See My Dunya: central library exhibition shines spotlight on Manchester’s Somali community

  • Photographs, documentary and objects portray live for Somalis in Manchester
  • Focus on Moss Side and large Somali community
  • Organisers aim to show positive side to Somali culture in the city 


See My Dunya is an exhibition being held at Manchester’s Central Library which showcases the rich history of the Somali community in the city.

Tunde Adekoya, who helped manage the exhibition, said: “It’s a document of a community doing what they do and showing that in its truest form.”

The exhibition highlights one of the oldest mosques in Africa, Masjid al-Qiblatayn in the city of Zeyla, built in 624, right through to present day Somalia.

Iconic buildings such as the Arch of Umberto II and the Somali National Museum are exhibited showcasing the glory of the past. In contrast, social unrest and discord is also explored and presented through a timeline.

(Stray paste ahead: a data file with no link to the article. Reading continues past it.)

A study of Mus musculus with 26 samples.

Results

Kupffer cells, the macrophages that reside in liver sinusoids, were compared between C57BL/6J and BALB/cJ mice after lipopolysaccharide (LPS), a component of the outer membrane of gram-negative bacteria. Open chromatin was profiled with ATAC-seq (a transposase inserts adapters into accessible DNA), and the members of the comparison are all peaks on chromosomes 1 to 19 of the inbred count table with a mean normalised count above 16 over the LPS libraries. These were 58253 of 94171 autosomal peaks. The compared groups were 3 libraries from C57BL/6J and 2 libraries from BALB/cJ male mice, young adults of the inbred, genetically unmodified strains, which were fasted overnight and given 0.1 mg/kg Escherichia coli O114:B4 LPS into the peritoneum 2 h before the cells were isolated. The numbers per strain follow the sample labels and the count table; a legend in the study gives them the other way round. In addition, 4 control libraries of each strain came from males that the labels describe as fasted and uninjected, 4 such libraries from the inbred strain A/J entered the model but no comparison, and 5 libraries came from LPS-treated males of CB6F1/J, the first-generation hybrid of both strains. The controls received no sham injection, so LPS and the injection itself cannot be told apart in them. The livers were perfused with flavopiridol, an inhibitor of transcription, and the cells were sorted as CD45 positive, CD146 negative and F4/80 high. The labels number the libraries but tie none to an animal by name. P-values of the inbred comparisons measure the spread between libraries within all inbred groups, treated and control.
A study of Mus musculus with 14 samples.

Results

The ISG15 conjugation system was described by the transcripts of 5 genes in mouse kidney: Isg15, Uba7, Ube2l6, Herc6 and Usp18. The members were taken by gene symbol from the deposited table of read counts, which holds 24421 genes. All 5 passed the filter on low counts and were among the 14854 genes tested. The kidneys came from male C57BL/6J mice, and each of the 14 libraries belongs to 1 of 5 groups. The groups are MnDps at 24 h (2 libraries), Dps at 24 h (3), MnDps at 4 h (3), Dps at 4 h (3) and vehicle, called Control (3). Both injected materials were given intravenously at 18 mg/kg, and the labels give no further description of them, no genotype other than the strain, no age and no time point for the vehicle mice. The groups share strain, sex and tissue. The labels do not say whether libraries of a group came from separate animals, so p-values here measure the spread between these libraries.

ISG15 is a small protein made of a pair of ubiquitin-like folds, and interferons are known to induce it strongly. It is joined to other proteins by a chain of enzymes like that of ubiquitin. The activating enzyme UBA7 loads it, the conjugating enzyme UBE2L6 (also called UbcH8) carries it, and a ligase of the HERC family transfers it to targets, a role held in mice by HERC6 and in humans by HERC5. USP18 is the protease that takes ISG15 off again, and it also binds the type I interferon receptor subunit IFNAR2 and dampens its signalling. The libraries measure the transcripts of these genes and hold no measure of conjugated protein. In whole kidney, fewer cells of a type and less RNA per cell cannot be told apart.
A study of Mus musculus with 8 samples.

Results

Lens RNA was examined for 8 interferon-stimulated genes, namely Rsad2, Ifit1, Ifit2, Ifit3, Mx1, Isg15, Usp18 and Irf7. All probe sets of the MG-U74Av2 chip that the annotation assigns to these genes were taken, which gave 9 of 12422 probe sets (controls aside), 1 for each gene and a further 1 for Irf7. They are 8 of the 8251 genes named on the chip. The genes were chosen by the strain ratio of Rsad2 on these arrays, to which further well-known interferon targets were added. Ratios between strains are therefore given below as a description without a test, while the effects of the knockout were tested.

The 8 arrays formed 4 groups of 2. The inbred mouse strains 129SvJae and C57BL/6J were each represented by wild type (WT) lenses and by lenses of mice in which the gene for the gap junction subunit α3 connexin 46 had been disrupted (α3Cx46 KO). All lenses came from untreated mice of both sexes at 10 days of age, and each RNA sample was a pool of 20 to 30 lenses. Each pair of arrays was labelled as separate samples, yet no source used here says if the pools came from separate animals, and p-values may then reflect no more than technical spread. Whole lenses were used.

The exhibition is a fully immersive experience which includes documentary, music and a 3D models of prominent buildings, with all contributors coming from a Somali background.

The Somali Mancunian experience is presented with local people and photographed objects forming part of a visual narrative which tells their story in a natural setting.

Tunde said: “It’s a representation of how they’re building Manchester, how they’re forming Manchester and how they’re part of the narrative of Manchester.”

See My Dunya, Manchester Central Libray, Somali, photographs, Moss Side
Tunde, pictured second from the right, with other members of the team who have put the exhibition together

Individuals have been photographed in the Moss Side area of Manchester in the park, in their homes, cafés and smoking a shisha. The exhibition catches a glimpse of one of the largest Somali communities in the UK.

The reviews have been positive, Tunde said: “The feedback’s been brilliant.”

Dunya is an Arabic world which means world: we see their world through Somali eyes and experience it as they do.

Tunde and his team took about a year to put the exhibition together, building a relationship with the local community leaders.

Tunde said: “I take pride being African, I wanted to push this forward.”

The exhibition concludes on 23 March.